Padma Award for the brave heart and decorated Mining Engineer Late Jaswant Singh Gill

He joined ISM Dhanbad in 1961and completed his mining in 1965. He cleared the Second class and First Class mine manager exams in his first attempts. Initially he worked for KCT but joined CIL when coal mining was nationalized. After an illustrious career he retired on 30th April 1998 from BCCL HQs from the post of ED Safety and Rescue.

The incident dates back to November 13, 1989 when at about 4 a.m., 232 miners employed underground in the night shift at Mahabir Mine of RaniGanj area of West Bengal reported heavy flow of water in the mine from an overhead abandoned pit . Out of them, 161 miners working in the vicinity of the shafts came out, however the remaining 71 could not be rescued due to flooding of the roadways leading to the shafts. Through a telephonic conversation with the trapped miners it was learnt that 65 miners had taken shelter at a risen part underground while 6 had drowned and saving the lives of these miners seemed a challenging task.

It was promptly decided by the rescue team to install as many submersible pumps as possible to dewater the mine and also drilling of boreholes to establish communication with trapped miners in-order to supply them with torches, food, drinking water and medicines etc. But unfortunately this didn’t seem enough. It was then that Sh. Jaswant Singh Gill, Addl. Chief Mining Engineer who was not in any way connected to Mahabir Mine but had voluntarily joined the rescue operation, came up with a brilliant plan of fabricating a steel capsule that could be lowered into a new borehole to be drilled indigenously with a diameter of 22 inches to rescue the trapped men one by one. Not just this, when two persons who were sounded to go down in the capsule disappeared out of fear, the brave heart volunteered to descend down in the capsule and organised orderly evacuation of the miners. Despite opposition by top officers, he insisted on leading the operation and went down without any fear. With the water level rising in the closed mine, oxygen depleting rapidly and the fear of complete subsidence of the mine, it seemed as if he was descending to his own certain death. The fearless engineer stuck to his decision and went down into the 330 feet deep coal mine at 2:30 am on the night of 15 th - 16th November in the crazily spinning steel capsule. As the capsule landed in the watery patch on November 16, 1989 at 2:50 a.m., he himself picked the first person he saw, put him in the capsule and signaled for the capsule to be hoisted. After a strenuous operation that lasted for 6 hours, he successfully saved the lives of 65 miners who were brought up one by one. It is pertinent to mention that the capsule went down empty 65 times but no one had the courage to join him , leave alone relieve him. Sh. Jaswant Singh Gill was the last of all to emerge from the capsule at 8:30 am on 16th November. Over 20,000 people from the nearby areas witnessed this nerve-wracking rescue operation and the lion-hearted Sh. Jaswant Singh Gill emerged as a real hero. This historic act of bravery is etched in the history of mining and 16th November is celebrated by Coal India Ltd. as ‘Rescue Day’ each year.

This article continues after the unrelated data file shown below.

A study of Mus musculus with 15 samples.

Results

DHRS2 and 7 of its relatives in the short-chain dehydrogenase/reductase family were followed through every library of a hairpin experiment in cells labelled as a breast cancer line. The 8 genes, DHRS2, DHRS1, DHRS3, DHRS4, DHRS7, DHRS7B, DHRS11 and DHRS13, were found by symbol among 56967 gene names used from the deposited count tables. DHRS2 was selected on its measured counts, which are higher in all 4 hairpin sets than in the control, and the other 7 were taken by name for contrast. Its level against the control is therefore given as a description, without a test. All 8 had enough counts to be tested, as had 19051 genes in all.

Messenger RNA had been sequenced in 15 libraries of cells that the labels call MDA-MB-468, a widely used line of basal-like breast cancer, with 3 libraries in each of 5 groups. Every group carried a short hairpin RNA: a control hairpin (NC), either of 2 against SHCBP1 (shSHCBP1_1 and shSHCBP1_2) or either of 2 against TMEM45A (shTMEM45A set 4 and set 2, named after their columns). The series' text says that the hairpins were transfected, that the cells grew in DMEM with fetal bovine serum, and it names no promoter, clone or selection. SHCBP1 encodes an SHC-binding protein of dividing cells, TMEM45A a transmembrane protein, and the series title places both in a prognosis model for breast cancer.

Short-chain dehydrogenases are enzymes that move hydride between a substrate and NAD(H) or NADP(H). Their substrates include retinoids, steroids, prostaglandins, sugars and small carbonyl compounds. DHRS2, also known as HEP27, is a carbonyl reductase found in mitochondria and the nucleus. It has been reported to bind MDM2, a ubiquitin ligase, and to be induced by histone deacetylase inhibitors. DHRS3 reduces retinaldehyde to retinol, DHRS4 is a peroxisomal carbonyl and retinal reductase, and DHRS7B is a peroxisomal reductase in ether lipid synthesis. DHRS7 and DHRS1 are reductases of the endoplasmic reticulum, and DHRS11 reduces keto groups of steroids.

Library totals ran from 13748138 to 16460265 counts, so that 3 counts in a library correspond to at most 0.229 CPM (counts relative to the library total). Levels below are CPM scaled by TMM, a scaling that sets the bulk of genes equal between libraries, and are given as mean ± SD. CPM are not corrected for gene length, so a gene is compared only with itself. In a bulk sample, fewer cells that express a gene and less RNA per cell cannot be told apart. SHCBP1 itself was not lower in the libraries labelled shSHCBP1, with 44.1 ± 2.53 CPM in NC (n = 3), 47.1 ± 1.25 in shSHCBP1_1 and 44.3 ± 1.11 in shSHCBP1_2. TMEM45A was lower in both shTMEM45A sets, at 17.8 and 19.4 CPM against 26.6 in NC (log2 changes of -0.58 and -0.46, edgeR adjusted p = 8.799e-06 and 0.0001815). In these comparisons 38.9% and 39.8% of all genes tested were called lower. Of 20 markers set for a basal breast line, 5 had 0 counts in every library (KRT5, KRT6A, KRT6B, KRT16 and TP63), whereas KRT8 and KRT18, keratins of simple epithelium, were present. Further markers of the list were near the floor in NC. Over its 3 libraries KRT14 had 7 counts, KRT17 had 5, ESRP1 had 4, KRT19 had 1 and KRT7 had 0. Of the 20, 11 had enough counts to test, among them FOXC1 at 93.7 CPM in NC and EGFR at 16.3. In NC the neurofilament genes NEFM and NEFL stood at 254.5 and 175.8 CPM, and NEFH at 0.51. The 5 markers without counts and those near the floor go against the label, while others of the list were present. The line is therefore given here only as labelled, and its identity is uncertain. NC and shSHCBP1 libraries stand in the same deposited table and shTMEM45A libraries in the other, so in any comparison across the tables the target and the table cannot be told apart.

For this gallant act, Sh. Jaswant Singh Gill was honoured with India's highest Bravery Award ‘Sarvottam Jeevan Raksha Padak’ by the Honorable President of India in 1991. The operation has also been mentioned in the World Book of Records as ‘World’s largest coal mine rescue operation’ and in Limca Book of Records as a national record. He has been recognised with multiple national and international accolades. Sadly he passed away on 26th November last year and it would go a long way in enhancing his legacy if he is decorated with the Padma award posthumously.